To effectively develop a novel that brings out the element of intrigue and that heart-pounding sensation, especially when it is a corporate thriller, is not an easy, cursive thing to do – not with the Indian corporate backdrop in consideration at least. Upendra Namburi, in his debut novel 31, has attempted to draw the scenario of the Indian banking industry during the arduous and much-dreaded month of March, which marks the end of the fiscal year.
Being a first-person narrative, a daily account of the thirty-one days is given to us by Ravi Shastry who heads the Bangalore branch of Imperial Bank. Under immense pressure of achieving the year-end targets of the multinational, Ravi and his team are working their limits off when a financial crisis strikes their Brazil division and a restructuring strategy throws the entire global banking industry out of bounds. Holding on to every last bit of what one has, the cut-throat rivalry within the organization takes a leap. Adding to it, Ravi’s marriage is falling apart while his wife Savitha also goes through a professional crisis. There is utter insecurity on the personal and professional front while an extramarital affair, fraud victimization, audit investigation, an unwanted pregnancy along with the chance of being unemployed at any moment engulfs Ravi and his family’s life, adding to their misery.
The originality of the author is reflected in his brilliant usage of time as a literary device. Every section begins with a calendar page showing the day of the month and within it, episodes and events are put together in random intervals of time as the day progresses. These time slots induce the feeling of a ticker set towards an impending doom with time running out. The plot builds around the whitewash, politics and mind games of CEOs with issues. Mysterious tweets and a Blackberry addiction adds to the suspense of the ongoing events. The domino effect of every rumour and every decision taken in the organization is seen within seconds and it affects the lives of every employee and his family. The fearful excitement stems from the irony that no one and everyone can be trusted. The anticipation and uncertainty take a shift from the characters to the reader which makes the book a page-turner.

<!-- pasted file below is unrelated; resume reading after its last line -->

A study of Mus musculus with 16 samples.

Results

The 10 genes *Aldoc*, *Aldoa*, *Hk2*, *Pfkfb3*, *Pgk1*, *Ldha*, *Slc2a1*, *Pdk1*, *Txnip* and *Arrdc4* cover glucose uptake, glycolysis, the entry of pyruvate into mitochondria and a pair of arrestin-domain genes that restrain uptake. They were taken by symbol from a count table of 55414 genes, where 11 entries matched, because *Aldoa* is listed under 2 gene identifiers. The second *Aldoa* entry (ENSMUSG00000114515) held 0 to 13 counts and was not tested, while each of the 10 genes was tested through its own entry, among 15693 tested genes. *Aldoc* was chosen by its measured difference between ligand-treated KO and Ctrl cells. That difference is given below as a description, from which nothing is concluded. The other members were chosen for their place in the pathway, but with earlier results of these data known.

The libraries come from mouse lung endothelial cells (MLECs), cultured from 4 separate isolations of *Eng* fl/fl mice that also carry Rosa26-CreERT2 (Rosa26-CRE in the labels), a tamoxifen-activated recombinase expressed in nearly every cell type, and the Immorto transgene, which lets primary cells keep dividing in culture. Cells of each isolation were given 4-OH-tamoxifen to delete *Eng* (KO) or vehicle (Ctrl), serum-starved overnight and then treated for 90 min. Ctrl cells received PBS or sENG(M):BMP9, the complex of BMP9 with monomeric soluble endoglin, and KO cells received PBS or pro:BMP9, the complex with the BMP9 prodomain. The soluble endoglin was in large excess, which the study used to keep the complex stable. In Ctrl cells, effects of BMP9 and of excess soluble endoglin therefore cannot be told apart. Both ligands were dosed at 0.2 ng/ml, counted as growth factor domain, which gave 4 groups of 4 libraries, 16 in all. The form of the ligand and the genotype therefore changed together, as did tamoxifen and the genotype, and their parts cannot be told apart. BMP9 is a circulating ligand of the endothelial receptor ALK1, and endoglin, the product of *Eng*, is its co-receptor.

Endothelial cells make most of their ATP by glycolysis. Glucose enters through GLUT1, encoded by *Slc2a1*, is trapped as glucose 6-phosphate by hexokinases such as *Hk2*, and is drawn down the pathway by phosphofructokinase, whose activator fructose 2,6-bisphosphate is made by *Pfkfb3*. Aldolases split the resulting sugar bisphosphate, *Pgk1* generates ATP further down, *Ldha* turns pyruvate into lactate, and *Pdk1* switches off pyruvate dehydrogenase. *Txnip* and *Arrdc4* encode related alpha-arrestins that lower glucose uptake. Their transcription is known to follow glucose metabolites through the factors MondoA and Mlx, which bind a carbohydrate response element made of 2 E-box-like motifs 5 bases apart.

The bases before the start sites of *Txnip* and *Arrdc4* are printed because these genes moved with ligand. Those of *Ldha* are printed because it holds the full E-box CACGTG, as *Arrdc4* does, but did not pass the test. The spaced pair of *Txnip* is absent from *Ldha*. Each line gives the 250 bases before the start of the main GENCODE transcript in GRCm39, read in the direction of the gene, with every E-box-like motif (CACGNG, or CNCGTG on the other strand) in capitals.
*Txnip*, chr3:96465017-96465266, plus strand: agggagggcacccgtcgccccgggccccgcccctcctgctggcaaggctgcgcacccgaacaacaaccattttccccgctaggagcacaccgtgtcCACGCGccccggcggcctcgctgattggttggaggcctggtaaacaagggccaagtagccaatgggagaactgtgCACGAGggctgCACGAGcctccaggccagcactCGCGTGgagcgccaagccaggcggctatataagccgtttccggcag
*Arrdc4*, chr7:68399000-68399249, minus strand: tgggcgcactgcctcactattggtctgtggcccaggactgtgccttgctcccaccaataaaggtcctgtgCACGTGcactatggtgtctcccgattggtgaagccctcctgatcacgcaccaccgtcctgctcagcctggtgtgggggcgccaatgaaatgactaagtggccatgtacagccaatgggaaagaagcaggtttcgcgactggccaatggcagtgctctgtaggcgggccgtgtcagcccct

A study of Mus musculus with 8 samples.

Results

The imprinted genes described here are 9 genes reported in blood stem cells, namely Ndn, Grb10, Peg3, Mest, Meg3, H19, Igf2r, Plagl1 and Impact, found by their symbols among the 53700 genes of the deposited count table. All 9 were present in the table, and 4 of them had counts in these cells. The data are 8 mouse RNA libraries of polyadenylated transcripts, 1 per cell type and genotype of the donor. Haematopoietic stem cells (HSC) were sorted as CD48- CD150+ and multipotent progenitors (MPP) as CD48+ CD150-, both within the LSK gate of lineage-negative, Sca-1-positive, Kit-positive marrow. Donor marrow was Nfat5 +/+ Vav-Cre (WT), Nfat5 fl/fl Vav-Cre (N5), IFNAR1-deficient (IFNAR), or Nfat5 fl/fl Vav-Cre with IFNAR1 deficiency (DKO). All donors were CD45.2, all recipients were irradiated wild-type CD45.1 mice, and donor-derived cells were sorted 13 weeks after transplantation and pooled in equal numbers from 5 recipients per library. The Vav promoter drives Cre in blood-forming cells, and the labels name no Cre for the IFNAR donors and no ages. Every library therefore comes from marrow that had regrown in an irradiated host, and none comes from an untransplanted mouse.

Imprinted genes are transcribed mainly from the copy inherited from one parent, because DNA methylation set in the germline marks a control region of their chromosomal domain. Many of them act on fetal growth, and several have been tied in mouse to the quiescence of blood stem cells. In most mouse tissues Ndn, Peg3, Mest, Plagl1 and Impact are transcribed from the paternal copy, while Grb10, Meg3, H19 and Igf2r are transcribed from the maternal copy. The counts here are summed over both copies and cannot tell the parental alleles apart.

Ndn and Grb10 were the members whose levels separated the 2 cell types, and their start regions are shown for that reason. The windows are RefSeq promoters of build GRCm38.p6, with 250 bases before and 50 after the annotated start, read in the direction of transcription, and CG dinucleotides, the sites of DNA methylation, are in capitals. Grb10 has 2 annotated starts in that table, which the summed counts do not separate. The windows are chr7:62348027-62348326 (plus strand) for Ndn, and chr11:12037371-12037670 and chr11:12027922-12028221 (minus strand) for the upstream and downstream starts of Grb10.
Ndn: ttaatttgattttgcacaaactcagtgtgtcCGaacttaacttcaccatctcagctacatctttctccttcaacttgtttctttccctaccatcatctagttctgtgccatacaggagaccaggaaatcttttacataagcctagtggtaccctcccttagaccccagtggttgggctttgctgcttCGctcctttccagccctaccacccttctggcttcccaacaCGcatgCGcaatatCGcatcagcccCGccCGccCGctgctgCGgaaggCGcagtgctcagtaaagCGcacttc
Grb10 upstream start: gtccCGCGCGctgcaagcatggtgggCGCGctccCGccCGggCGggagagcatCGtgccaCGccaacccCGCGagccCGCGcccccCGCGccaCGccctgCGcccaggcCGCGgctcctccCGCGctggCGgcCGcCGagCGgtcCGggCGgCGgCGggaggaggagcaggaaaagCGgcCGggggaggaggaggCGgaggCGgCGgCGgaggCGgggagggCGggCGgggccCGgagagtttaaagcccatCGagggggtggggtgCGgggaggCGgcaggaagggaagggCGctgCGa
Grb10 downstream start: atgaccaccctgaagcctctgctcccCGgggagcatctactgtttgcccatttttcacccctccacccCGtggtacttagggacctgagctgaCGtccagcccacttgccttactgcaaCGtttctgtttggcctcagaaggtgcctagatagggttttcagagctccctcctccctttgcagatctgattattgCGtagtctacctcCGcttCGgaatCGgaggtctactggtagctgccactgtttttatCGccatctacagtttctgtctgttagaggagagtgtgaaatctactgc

For the most part of the novel, the reader pronely roots for Ravi despite his evident flaws and shortcomings, as he fits a realistic image of the common man. The writing style adopted is simplistic, straightforward and quite informal in manner, which blurs the boundaries between the reader and the author. The story has been left open-ended so as to invite the reader to draw his or her own conclusion which adds to the gritty suspense till the last word. The morality of the individuals is often questioned while the desire for justice piles up. In these aspects, the novel sticks to the conventions of a thriller, leaving the readers cliff-hanging.
Although the events happening at Imperial are plenty and are multilateral in nature, the moderate pace of the narrative fails to grasp the attention of the reader at several instances. That said, the ultimate low point of the book is the extremely poor editing that reduces the credibility of the writer as well as the storyline and disrupts the flow of the narrative with misplaced punctuation and numerous syntactic errors scattered throughout the book. It takes away from the sheer enjoyment of reading. Also, the novel is in the want of better characterization as the figure of the protagonist, when imagined, remains dull and blurry, let alone the other characters. They remain faceless, unpredictable and dependent beings; especially as they are solely seen through the eyes of the narrator. This, at times, reduces the believability factor.
The undercurrent of humour through the panicky and nail-biting moments work as a sort of comic relief but this brand of humour needs some getting used to. As a debut, Namburi has done a good job considering the genre and the setting, and with this novel he efficiently adds to the Indian literary scene as an early work in this sub-genre.